Friuli Venezia Giulia (‘FVG’) is the far northeastern corner of Italy, an hour or less from Venice. It’s small – you could easily drive across it in a day on the back roads – but it squeezes in a remarkable diversity of landscapes. The coasts combine urban beach resorts and pristine lagoons. Above the coasts, the Friulian plains and hills have the art towns and the wine regions, and above them tower the Alps: the sunny slopes on the way to Austria, or the mountain fastness of Carnia on the west, with its hidden valleys and traditional folkways. In short, there’s a little bit of everything, all within easy reach.
The Canal Grande in Trieste was the commercial hub of the historic city © Peter Vanco, Shutterstock
The star of this show might be Trieste. A world in itself, at once the least Italian and most Italian of cities, it is a town built not of pasta and red wine, but of sausages and beer (and spritzes and cocktails and vino bianco from the Collio). Trieste is multi-lingual, mitteleuropäisch, and mad about culture, a city with 32 museums and a great love for good music.
World Heritage Sites
The Ponte del Diavolo in Cividale del Friuli was constructed in the 15th century © milosk50, Shutterstock
There are a wealth of UNESCO World Heritage Sites to be seen in FVG, all with their own distinct character and history. Highlights include: ancient Aquileia, with its fabulous mosaics, the early medieval Lombard capital of Cividale del Friuli and the unique Venetian citadel town of Palmanova. Don't miss the Pile Dwelling site of Palù di Livenza, Parco Naturale Dolomiti Friulane, dating back to 4900BC.
Grado is known as the 'Golden Island' © canadastock, Shutterstock
Friuli’s coast is short, but it’s choice. Grado, or 'Little Venice', is one of the most attractive beach resorts on the Adriatic. Even in Italy, it isn’t as well known as it deserves to be. The ‘Golden Island’ reigns as the queen of its own lagoon, sprinkled with 30 islands large and small and 3km of golden sandy Blue Flag beaches. Best of all, it’s a real place, with a historic centre that goes back to Roman times, a couple of canals to remind us that the Venetians once ruled here, and some fascinating monuments from the earliest Middle Ages.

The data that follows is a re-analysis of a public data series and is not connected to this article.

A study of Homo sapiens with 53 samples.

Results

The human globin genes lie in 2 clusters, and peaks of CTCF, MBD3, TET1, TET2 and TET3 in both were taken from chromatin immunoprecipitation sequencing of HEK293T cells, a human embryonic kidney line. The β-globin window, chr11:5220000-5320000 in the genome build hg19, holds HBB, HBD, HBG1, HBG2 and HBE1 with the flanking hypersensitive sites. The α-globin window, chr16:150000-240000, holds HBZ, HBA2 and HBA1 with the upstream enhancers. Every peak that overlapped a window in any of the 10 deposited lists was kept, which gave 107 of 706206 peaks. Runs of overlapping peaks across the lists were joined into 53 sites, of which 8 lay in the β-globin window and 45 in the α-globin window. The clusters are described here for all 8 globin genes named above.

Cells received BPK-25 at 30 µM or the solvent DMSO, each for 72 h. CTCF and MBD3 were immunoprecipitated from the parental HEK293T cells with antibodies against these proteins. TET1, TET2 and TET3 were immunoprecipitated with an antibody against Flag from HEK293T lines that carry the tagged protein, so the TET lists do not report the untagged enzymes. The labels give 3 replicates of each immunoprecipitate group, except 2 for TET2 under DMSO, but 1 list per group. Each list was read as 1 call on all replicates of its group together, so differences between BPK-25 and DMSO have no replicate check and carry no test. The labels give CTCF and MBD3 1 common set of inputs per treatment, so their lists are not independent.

Outdoor lovers will find plenty of interest in the mountains of Carnia © Mario Verin
FVG is home to three distinct mountain ranges. Italy shares the Julian Alps with Slovenia, stretching from Tarvisio in the far northeast (with the autostrada to Austria) all the way down to Cividale. To the west is the larger, more isolated Carnia, with its mountain villages and traditional lifestyles. For many this is the spiritual motherland of the Friulani. The Friulian Dolomites, in particular, are one of the most scenic and pristine patches of northern Italy. All the ranges offer year-round activities and stunning scenery.
Food and drink
The Castello di Buttrio estate has had an association with wine for centuries © zakaz86, Shutterstock
One of the delights of visiting any region in Italy is discovering new dishes, and FVG, with its smorgasbord of culture, combined with its mountains, fertile plains, orchards (notably cherry) and coast delivers the goods in spades. Polenta and dumplings are more important than pasta; cheese and butter have major roles and there’s a marked preference for combining sweet and savoury tastes inherited from Mitteleuropa.The food is delicious, and quite different from the rest of Italy, a mix of the best of three cultures, the mountains and the sea – the perfect match for the sublime white wines of the Collio and Colli Orientali.